Chan v. Fresh & Easy, LLC (In Fresh & Easy, LLC), No. 15-51897 (BLS), 2016 WL 5922292 (Bankr. D. Del. Oct. 11, 2016)
In this motion to compel arbitration Opinion, the Bankruptcy Court for the District of Delaware ruled on two issues of first impression in Delaware: (i) whether a class action waiver provision in an arbitration agreement violates the National Labor Relations Act (the “NLRA”); and if so, (ii) whether the agreement remains enforceable if it allows an employee to opt-out. The Court found that the class action waiver was unenforceable because it violated the NLRA. The Court then held that the opt-out provision in the agreement did not save the class action waiver.
Diana Chan (“Chan”) was an employee of Fresh & Easy, LLC (the “Debtor”), a grocery store chain, until her employment was terminated on the day that the Debtor filed for bankruptcy. Prior to her termination, Chan entered into an arbitration agreement and waived her right to bring a class action against the Debtor. The agreement also let Chan opt out of the agreement within thirty days. After the petition date, Chan filed a complaint on behalf of herself and other similarly situated former employees against the Debtor, among others, alleging violations of the Worker Adjustment and Retraining Notification Act and its California counterpart. Chan sought class certification and requested that she be designated as the class representative.
The Debtor moved to compel arbitration. Chan argued that the agreement was unenforceable under the NLRA, which provides that an employer may not interfere with an employee’s right to engage in certain “concerted activities” for the purpose of protection. The National Labor Relations Board (the “Board”) has interpreted “concerted activities” to include filing class actions, and Chan noted that the Seventh Circuit recently deferred to the Board’s interpretation in Lewis v. Epic Sys. Corp., 823 F.3d 1147 (7th Cir. 2016), cert. granted (Jan. 13, 2017). The Debtor responded that the majority of courts have disagreed with the Board and the Seventh Circuit. Further, the Debtor argued that the Lewis case was distinguishable because the agreement in Lewis did not have an opt-out provision.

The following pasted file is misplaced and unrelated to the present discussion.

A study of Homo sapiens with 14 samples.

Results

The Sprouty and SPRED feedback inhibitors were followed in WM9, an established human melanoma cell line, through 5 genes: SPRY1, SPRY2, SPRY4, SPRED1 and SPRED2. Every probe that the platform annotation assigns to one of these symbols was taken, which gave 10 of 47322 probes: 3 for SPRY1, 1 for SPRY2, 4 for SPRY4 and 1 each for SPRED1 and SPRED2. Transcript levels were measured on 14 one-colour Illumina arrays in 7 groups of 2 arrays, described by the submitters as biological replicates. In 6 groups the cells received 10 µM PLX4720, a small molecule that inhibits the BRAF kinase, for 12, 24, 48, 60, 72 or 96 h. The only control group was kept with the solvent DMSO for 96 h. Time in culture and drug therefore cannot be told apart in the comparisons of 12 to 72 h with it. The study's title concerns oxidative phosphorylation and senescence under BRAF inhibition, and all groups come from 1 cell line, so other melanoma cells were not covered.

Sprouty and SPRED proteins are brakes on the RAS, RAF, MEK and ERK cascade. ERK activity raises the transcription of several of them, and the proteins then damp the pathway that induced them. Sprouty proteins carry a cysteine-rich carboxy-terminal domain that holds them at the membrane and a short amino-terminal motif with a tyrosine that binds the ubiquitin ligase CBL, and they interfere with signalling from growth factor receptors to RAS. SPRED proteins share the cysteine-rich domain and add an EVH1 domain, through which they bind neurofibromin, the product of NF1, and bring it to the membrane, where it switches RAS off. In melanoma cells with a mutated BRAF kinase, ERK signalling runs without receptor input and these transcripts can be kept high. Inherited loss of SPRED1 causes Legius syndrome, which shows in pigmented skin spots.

The Court held that the NLRA was unambiguous: an employee cannot waive the right to file a class action. Therefore, the class action waiver was unenforceable. Because the statute was unambiguous, the Court did not need to decide whether to defer to the Board. If Section 7 of the NLRA had been ambiguous, however, the Court stated that it would have deferred to the Board, as the Seventh Circuit did, because this was the Board’s area of expertise.
The Court then held that the opt-out provision was not sufficient to revive the class waiver. The Board had previously found that an employer may not use an opt-out provision to get an employee to waive the right to file class actions because such a provision burdens the employee, forces the employee to make “an observable choice,” and makes the employee “prospectively waive” the right. In its Opinion, the Court determined that the NLRA was ambiguous on this issue. The Court then chose to defer to the Board because the Board “relied on a substantial body of authority,” “thoroughly explained its position,” applied federal labor policy, and drew upon “its body of experience.”